Despite all of the anti-smoking attention over the past decades, there's an issue that may still be ongoing within your employer groups today: second-hand smoke. Check out this recent article from My
Health Guide newsletter.
Secondhand Smoke Drives ED Visits for Teens
Teens who were exposed to any type of secondhand tobacco smoke were significantly more likely to visit emergency departments and to have more such visits, compared with unexposed controls, based on data from more than 7,000 adolescents.
Approximately 35% of U.S. teens spent more than an hour exposed to secondhand smoke in a given week, wrote Ashley L. Merianos, PhD, of the University of Cincinnati and her colleagues.
In a study published in “Pediatrics" magazine, the researchers conducted a secondary analysis of nonsmoking adolescents aged 12-17 years who had not been diagnosed with asthma and who were part of the PATH (Population Assessment of Tobacco and Health) study, a longitudinal cohort trial of tobacco use behavior and related health outcomes in adolescents and adults in the United States. The researchers reviewed three main measures of tobacco smoke exposure (TSE): living with a smoker, being exposed to secondhand smoke at home, and being exposed to secondhand smoke for an hour or more in the past 7 days.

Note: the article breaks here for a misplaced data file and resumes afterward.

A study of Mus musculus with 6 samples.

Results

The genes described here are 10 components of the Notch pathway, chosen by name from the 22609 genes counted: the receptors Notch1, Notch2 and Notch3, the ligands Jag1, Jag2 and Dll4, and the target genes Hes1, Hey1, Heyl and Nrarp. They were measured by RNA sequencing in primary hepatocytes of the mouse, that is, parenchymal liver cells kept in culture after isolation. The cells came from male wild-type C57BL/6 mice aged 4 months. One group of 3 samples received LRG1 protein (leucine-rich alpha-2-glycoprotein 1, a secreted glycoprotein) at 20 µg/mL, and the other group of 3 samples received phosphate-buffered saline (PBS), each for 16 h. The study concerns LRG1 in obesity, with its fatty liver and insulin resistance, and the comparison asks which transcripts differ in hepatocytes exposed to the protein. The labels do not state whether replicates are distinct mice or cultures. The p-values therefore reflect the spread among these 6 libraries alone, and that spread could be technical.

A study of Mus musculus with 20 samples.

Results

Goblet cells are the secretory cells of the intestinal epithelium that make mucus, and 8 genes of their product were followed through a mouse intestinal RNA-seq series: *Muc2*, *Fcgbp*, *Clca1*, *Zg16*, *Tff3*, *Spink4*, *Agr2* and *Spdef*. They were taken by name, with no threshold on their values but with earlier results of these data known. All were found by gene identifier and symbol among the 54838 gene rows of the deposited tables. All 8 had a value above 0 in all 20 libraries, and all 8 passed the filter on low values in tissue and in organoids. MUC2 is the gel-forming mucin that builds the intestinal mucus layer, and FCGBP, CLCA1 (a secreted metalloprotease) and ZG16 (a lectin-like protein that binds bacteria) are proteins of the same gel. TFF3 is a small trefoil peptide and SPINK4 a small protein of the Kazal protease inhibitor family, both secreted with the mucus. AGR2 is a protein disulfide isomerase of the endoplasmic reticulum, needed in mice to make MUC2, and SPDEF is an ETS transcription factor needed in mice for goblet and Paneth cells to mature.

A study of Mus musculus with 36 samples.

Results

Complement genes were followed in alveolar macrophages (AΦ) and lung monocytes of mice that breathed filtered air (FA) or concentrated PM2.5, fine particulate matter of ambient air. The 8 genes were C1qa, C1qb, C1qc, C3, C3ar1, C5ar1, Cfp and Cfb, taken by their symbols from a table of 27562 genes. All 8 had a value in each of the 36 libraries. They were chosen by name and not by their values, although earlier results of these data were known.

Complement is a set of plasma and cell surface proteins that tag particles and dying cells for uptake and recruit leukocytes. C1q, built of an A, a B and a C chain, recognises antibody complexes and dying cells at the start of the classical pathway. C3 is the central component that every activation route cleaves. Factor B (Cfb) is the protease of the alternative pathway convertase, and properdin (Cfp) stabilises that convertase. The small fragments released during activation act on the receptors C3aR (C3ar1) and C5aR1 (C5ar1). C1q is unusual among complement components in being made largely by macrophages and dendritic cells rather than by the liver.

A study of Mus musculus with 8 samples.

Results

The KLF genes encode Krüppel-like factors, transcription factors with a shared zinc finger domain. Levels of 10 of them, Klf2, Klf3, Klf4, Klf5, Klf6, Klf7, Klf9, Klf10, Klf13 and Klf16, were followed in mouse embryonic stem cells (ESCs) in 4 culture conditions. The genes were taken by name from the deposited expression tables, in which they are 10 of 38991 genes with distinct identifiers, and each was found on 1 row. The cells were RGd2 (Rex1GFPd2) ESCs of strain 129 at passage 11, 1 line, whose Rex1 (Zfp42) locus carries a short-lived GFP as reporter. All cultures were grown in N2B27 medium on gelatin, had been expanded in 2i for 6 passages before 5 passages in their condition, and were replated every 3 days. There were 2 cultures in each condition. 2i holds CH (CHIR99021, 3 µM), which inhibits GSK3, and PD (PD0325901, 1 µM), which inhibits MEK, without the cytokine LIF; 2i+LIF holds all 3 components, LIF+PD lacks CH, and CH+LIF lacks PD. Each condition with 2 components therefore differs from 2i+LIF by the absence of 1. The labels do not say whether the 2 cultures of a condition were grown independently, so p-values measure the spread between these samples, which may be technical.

- Overall, teens who lived with a smoker, had secondary exposure at home, or had at least 1 hour of TSE had significantly more emergency department and/or urgent care visits (mean ranged from 1.62 to 1.65), compared with unexposed peers (mean visits ranged from 1.42 to 1.48).
- Those who both lived with a smoker and had at least 1 hour of TSE exposure were significantly more likely to visit an ED or urgent care center.
- In addition, teens who lived with a smoker, had secondary exposure at home, and had at least 1 hour of TSE were significantly more likely than were unexposed peers to report shortness of breath, difficulty exercising, wheezing during and after exercise, and a dry cough at night.
The researchers also assessed other health indicators, and found that teens with TSE exposure were significantly less likely than were unexposed peers to report very good or excellent health and were approximately 1.50 times more likely than unexposed peers to report missing school because of poor health.
The results were limited by several factors including the use of self-reports of TSE and parent reports of emergency or urgent care visits, and by the inclusion only of other public use variables in the PATH database, the researchers noted. But they adjusted for potentially confounding factors such as household income level, parent education, and health insurance status. However, “Because adolescents are high users of EDs and/or [urgent care] for primary care reasons, these venues are high-volume settings that should be used to offer interventions to adolescents with TSE and their families,” they said.